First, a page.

About the Conversation,
Mixed media, 30 x 36 cm, 2017
Placed on hand-marbled endpaper, a postcard from 1967 Addis Ababa (year of the 6-Day-War) is broken into a house structure with gardens, juxtaposed with a renaissance-era dandy, and placed on an Israeli envelope summoning a soldier to reserve service. A branch of a Jerusalem evergreen cypress tree and an Israeli stamp of children and flowers interact with the German-language title.
Cry the Beloved Country
Mixed media, 25 x 36 cm, 2017
Blue hand-marbled endpapers form a blue sea for three postcards from the early ‘60s written in European languages to Jerusalem addresses, which together form a house, the center made by a triangle from Israeli army reserve duty call. An olive branch is drawn across the cover of the Hebrew translation of the South African novel and joined by leaves from an olive tree.
Go forth and multiply
Mixed media collage 16 x 52 cm, 2008
Using a discarded Hebrew Bible cover as its base, two postcards recall the zeitgeist of a new country. The postcard on the left is of a group of children at the Ramat Rachel Kibbutz sitting under the sculpture of Rachel of the Bible. Ramat Rachel overlooks the site of Rachel’s Tomb. The sculpture Rachel our Mother was created by David Polus in 1953.
The right side is a Hebrew New Year’s greeting card, typically sent to relatives. This one was mailed in 1955 from Beit Shemesh to a shikun (cheap public housing) block in Talpiot, adjacent to the kibbutz, with the not-so-subtle message to the recipient to start a family.
Joy of the Poor
Mixed media, 24 x 30 cm, 2008
Natan Alterman, the influential national poet of Israel, wrote Joy of the Poor in 1941, a compilation of poems from a ghost man who remained obsessed with the live woman he loves.
The book title contrasts with the postcard that drew me to place them in one world. The postcard of Justice Ministry La Chapelle in Paris was sent in 1948 (year of Israel’s War of Independence), to Edinburgh, Scotland with a French stamp to “Miss Judith Yellin” of the family who was among the founders of Jerusalem’s tony Rehavia neighborhood. Perhaps she was on a “Grand Tour” of Europe; later she became an artist. Another scrap of handwriting shows 1947 as its date. The contrasts show the extremes of the times.
New York Requiem
Collage 21 x 35 cm, 2008
The blue hand-marbled endpaper references waters surrounding Manhattan, set off with a pair of ancient Egyptian glass vases serving as holders for illuminated twin tower Shabbat ‘candles,’ a singing angel from the Met, Israeli poppy flowers (referencing fallen soldiers), an Israeli stamp for IDF reserve duty, the spine of A Tree Grows in Brooklyn, an ink drawing of wilting poppy flowers; combine to mark aspects of memory of the Twin Towers tragedy.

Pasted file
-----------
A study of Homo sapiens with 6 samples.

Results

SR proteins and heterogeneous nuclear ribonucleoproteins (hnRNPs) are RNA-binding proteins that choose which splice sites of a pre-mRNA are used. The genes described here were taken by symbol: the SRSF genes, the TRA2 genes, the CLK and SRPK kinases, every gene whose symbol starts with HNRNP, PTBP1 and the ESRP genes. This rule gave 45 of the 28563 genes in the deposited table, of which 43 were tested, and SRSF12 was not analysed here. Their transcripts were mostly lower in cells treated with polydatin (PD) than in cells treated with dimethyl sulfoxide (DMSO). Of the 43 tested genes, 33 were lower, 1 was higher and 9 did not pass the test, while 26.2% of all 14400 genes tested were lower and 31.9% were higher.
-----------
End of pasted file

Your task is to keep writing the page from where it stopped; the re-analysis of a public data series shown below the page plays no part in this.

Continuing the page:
Wörterbuch (German-English dictionary)
Mixed media, 28 x 25 cm, 2008
This simple black-and-white composition is based on a cover of a German-Hebrew dictionary and two postcards, combining in them two of the non-English languages of my childhood. My father’s family was from Weiner-Neustadt, Austria. My mother was from Transylvania, then-Hungary and now Romania. German was one of the six languages she spoke that she learned as an inmate in Auschwitz and other Nazi camps. The only grandparents that I knew, refugees, were German-speaking and when we visited, mostly German was spoken. German represents for me both the language of their persecutors and the warm hug of home.
The top image is the message from a souvenir postcard sent from the spa town in Hesse, Germany – with the word Germany handwritten in Hebrew – to a couple living in the upscale Jerusalem Rehavia neighborhood in 1970. The bottom image is of nuns in their habits in front of the Notre Dame Cathedral in Paris, from 1963, also written in German.
These elements reverberate with other historical and personal associations.
Finding Her Home
Mixed media, 24.5″ x 30.5″ (62 x 77.5 cm), 2021
This work was created for the 50th anniversary of the first woman rabbi, in the exhibit Holy Sparks, giving tribute to the many firsts of women entering the rabbinate. It is sponsored and produced by Hebrew Union College in NY and is traveling to multiple venues. I was asked to create a work honoring Rabbi Kinneret Shiryon who leads a synagogue in Modi’in, Israel.
Combining book parts, liturgical references and known cultural touch points, I try to make the elements jiggle together visually, creating dissonant associations.
As a veteran Israeli by choice, I am aware of the significant fault lines that Rabbi Shiryon traversed to make her mark as the first woman rabbi in Israel.